This is the second blog in a series that dives into how organizations become data-driven, with insights and strategy from Perficient’s Senior Data Strategist and Solutions Architect, Dr. Chuck Brooks. To read the first blog click here.
Companies with outdated technology such as on-premises data warehouses, Excel spreadsheets as a data source, and email as the primary source of community often breed cultures in which data is protected and hoarded. While having the right technology in place is not necessarily a shortcut to creating a culture of data, technology and culture are two sides of the same coin as both depend on the company being open to innovation.
In the first blog Give Employees and Customers Access to the Data, we discussed data silos.
In many organizations data is siloed in repositories of data that are controlled by one department or business unit and isolated from the rest of the organization. Silos make it hard for knowledge workers in other parts of the organization to access and use the data. Data silos hinder business operations and the data analytics initiatives that support them. Silos limit the ability of knowledge workers to use data to manage business processes and make informed business decisions. So, if silos are so bad, why do so many organizations have them?
Old Technology and Old Paradigms
There are several reasons that silos develop, but two of the biggest reasons are that many organizations continue to use old technologies and outdated paradigms.
In the early days of data management, storage was extremely expensive. Cost prevented organizations from collecting and storing the volume and variety of data that was generated across the company. It was not cost-effective to collect data and store it without clearly understanding how it would be used. Different departments across the organization had different ideas about what data should be collected and could be effectively used. This led to different departments and organizational units funding and collecting the data that they felt was useful and storing it in their own isolated data repositories.
Early relational databases were not capable of handling large amounts of data for analysis while maintaining acceptable performance levels. The increasing performance meant limiting data volume. To reduce the amount of data that the database management system had to manage the data mart was introduced. A data mart is a subject-oriented database that is often a segment (silo) of an organization’s data. The subset of data held in a data mart typically aligns with a particular business unit like sales, finance, or marketing. Because a data mart only contains the data applicable to a certain business area, it was commonly believed that the data mart was a cost-effective way to gain actionable insights quickly.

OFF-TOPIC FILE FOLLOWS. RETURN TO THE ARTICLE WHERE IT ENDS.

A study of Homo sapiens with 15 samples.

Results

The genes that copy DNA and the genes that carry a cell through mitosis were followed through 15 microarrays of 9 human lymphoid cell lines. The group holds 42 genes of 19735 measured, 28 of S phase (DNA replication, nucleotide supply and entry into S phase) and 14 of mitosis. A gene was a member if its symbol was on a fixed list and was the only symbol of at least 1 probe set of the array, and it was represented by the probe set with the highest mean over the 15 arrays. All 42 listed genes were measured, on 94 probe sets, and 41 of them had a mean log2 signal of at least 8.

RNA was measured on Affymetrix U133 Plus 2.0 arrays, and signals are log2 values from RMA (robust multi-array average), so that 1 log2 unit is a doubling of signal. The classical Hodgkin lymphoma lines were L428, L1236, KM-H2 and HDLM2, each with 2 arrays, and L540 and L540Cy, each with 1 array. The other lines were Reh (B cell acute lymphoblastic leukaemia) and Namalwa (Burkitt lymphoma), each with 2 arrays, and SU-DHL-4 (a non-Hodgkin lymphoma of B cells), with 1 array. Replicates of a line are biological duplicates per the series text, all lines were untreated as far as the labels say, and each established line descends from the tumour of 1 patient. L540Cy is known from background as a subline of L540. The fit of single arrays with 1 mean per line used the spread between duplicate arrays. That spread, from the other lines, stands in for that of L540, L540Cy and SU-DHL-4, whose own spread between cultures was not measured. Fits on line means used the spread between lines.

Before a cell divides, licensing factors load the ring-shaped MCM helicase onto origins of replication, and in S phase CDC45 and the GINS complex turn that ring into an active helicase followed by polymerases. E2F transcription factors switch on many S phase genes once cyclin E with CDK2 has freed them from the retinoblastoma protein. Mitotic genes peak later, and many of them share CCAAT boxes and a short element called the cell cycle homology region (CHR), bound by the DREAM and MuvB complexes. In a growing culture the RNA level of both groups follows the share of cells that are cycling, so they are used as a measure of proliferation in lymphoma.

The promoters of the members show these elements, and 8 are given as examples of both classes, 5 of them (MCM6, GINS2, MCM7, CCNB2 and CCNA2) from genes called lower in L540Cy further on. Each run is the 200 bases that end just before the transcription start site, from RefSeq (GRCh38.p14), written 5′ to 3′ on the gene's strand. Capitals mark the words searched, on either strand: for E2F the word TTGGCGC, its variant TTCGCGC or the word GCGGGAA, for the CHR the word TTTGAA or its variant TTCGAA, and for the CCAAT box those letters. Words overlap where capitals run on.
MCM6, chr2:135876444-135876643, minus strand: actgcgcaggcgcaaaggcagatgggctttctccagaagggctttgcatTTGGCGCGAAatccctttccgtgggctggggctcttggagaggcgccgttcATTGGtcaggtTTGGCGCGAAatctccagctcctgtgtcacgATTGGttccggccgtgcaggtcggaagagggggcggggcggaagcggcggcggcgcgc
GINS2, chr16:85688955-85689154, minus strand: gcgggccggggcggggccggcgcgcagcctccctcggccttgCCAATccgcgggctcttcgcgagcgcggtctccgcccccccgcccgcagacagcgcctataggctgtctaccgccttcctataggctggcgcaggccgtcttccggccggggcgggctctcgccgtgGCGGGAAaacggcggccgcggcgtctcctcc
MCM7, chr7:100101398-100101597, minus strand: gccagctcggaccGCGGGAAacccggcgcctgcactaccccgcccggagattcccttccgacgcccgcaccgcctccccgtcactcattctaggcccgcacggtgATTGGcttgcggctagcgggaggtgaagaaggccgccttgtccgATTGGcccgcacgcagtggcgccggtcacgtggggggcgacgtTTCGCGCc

Fast forward to 2022 where data storage technologies are now fast and inexpensive, so much so that I now believe it is important to collect and store most or all the data available and then determine how to use it later. Furthermore, we have learned that often the data needed to solve business problems is not contained in the data of just one business unit or even within one organization.
This fact means the data mart is dead. Organizations still using data marts have not embraced new data management technologies and/or have not recognized that many business problems and business decisions require data from across the organization and from data from external processes and external organizations. In 2022, data management systems exist that can collect and integrate the large volume and variety of data that is needed to make data-driven business decisions and they perform at impressive performance levels.
Embrace New Technology
I believe the Google Cloud Platform (GCP) is “the best data management platform on the planet.” The new technologies that comprise the GCP data platform provide several data management systems. Cloud SQL and Cloud Spanner provide online transaction processing (OLTP) capability, Bigtable and Cloud Firestone provide NoSQL capability, and BigQuery provides OLAP capabilities. All of the GCP data management systems provide for the separation of storage and compute. By decoupling these components, the GCP data management platform provides:
- Inexpensive, virtually unlimited, and seamlessly scalable storage
- Stateless, resilient compute
- Data sharing
- ACID-compliant storage operations
- A logical storage model, rather than physical
- Severless and scalable performance
The GCP platform provides best-of-breed performance and inexpensive storage costs. This platform gives the data team the new technologies and tools that it needs to remove silos and collect, integrate, and deliver data to enterprise knowledge workers.
Read the next blog in the series, here.
Perficient’s Cloud Data Expertise
The world’s leading brands choose to partner with us because we are large enough to scale major cloud projects, yet nimble enough to provide focused expertise in specific areas of your business.
Our cloud, data, and analytics team can assist with your entire data and analytics lifecycle, from data strategy to implementation. We will help you make sense of your data and show you how to use it to solve complex business problems. We’ll assess your current data and analytics issues, and develop a strategy to guide you to your long-term goals.
Download the guide, Becoming a Data-Driven Organization With Google Cloud Platform, to learn more about Dr. Chuck’s GCP data strategy.
Learn more about our Google Data capabilities, here.